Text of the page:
ECB rolls out plans to boost green investments, curb climate change

ECB rolls out plans to boost green investments, curb climate change

The European Central Bank (ECB) has reportedly declared plans to add climate change into its monetary policy, aiming to prompt eurozone businesses to focus on their environmental impact.

According to the central bank, the latest initiative is centered around the lack of accountability when it comes to climate-related financial risk and intends to support the green transition of the economy, which builds upon the EU’s climate neutrality goals.

As a part of the new plans, the ECB will work toward gradually decarbonizing corporate bond holdings starting from October 2022, by focusing on issuers that showcase better climate performance.

Performance indicators like aggressive carbon reduction targets, lower greenhouse gas emissions, and improved climate-related disclosures will help ECB determine the eligible candidates.

At present, the bank’s $360 billion worth portfolio of asset purchases is largely dependent on big polluters, which it aims to shift toward climate-friendly issuers as it continues to reinvest nearly $30.8 billion annually.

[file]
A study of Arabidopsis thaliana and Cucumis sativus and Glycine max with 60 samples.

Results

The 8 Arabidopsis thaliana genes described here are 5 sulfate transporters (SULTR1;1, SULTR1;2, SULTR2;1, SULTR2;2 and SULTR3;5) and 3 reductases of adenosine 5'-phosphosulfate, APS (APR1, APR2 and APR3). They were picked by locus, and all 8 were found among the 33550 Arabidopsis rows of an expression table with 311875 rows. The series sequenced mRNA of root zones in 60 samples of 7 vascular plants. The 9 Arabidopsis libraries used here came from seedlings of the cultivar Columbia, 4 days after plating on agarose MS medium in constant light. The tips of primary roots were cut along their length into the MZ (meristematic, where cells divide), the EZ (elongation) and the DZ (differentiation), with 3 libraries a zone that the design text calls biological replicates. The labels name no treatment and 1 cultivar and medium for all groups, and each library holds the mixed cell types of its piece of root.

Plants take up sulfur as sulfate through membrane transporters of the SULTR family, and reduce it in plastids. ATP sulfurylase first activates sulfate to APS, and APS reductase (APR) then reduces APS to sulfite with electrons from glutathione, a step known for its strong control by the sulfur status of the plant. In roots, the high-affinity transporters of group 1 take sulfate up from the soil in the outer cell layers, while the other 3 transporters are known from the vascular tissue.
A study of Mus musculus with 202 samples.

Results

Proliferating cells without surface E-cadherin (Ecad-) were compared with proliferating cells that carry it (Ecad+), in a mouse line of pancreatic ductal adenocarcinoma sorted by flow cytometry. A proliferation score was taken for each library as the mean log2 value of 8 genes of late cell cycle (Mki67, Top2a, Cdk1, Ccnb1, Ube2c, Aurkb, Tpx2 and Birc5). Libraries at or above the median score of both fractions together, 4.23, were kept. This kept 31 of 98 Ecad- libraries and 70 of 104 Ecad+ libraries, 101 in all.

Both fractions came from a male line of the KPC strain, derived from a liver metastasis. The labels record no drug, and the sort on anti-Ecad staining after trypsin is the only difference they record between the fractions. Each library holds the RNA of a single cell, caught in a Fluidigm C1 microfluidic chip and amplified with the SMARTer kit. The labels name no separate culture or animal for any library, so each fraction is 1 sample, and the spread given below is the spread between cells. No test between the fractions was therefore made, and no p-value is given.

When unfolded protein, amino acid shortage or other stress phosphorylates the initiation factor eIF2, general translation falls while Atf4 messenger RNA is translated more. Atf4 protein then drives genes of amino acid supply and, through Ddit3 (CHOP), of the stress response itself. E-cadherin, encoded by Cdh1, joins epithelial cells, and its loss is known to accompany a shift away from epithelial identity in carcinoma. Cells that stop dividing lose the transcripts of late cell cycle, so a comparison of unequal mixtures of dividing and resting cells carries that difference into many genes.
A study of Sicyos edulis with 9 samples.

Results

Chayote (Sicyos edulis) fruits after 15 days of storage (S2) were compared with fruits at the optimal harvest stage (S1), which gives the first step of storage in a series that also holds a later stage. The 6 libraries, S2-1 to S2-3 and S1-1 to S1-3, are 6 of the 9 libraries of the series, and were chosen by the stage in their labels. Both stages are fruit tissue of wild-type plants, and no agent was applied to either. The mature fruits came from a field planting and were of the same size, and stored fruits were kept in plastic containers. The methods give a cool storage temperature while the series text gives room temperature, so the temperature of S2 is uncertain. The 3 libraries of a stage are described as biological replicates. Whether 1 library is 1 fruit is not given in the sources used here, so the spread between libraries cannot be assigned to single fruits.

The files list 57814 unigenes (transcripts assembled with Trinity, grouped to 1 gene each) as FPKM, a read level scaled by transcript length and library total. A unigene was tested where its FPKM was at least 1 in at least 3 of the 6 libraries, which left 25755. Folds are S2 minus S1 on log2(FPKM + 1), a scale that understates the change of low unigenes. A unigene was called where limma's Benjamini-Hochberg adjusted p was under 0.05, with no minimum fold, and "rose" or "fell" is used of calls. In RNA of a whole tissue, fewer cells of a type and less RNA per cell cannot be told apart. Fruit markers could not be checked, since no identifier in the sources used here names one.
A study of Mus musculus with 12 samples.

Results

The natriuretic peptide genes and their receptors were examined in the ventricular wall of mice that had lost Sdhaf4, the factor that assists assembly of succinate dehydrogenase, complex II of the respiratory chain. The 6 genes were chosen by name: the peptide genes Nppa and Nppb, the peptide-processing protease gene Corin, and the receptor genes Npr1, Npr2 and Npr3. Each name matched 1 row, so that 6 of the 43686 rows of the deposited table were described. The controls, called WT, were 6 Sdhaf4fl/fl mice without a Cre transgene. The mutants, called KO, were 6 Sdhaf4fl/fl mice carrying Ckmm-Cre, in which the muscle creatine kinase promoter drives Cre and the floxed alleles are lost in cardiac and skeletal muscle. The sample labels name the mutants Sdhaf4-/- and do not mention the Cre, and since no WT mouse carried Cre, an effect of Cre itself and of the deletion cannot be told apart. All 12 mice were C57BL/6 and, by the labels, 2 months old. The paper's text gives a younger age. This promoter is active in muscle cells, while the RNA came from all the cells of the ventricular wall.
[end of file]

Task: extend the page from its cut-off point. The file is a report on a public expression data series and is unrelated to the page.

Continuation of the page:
Speaking on the plans, Isabel Schnabel, a member of the ECB’s executive board, commented that the primary goal is to provide companies with more incentives that will encourage them to reduce their emissions, and no company will be entirely excluded.

Towards the end of 2024, the central bank is expected to impose limits on the share of assets issued by companies with a greater carbon footprint, which is typically showcased as collateral by individual counterparties while borrowing money from central banks.

As per the ECB, the banks will initially implement limits only to marketable debt instruments applied by companies foreign to the financial sector, while the assets will be obligated to comply with the Sustainability Reporting Directive (SRD).

However, SRD implementation, which is set to cover around 50,000 entities in the EU, is taking longer than expected with the eligibility criteria not likely to roll out until 2026.

It is worth noting that the concept of ‘green’ ECB loans promoted by President Christine Lagarde for banks to finance sustainable projects is not seen in the catalog of new measures.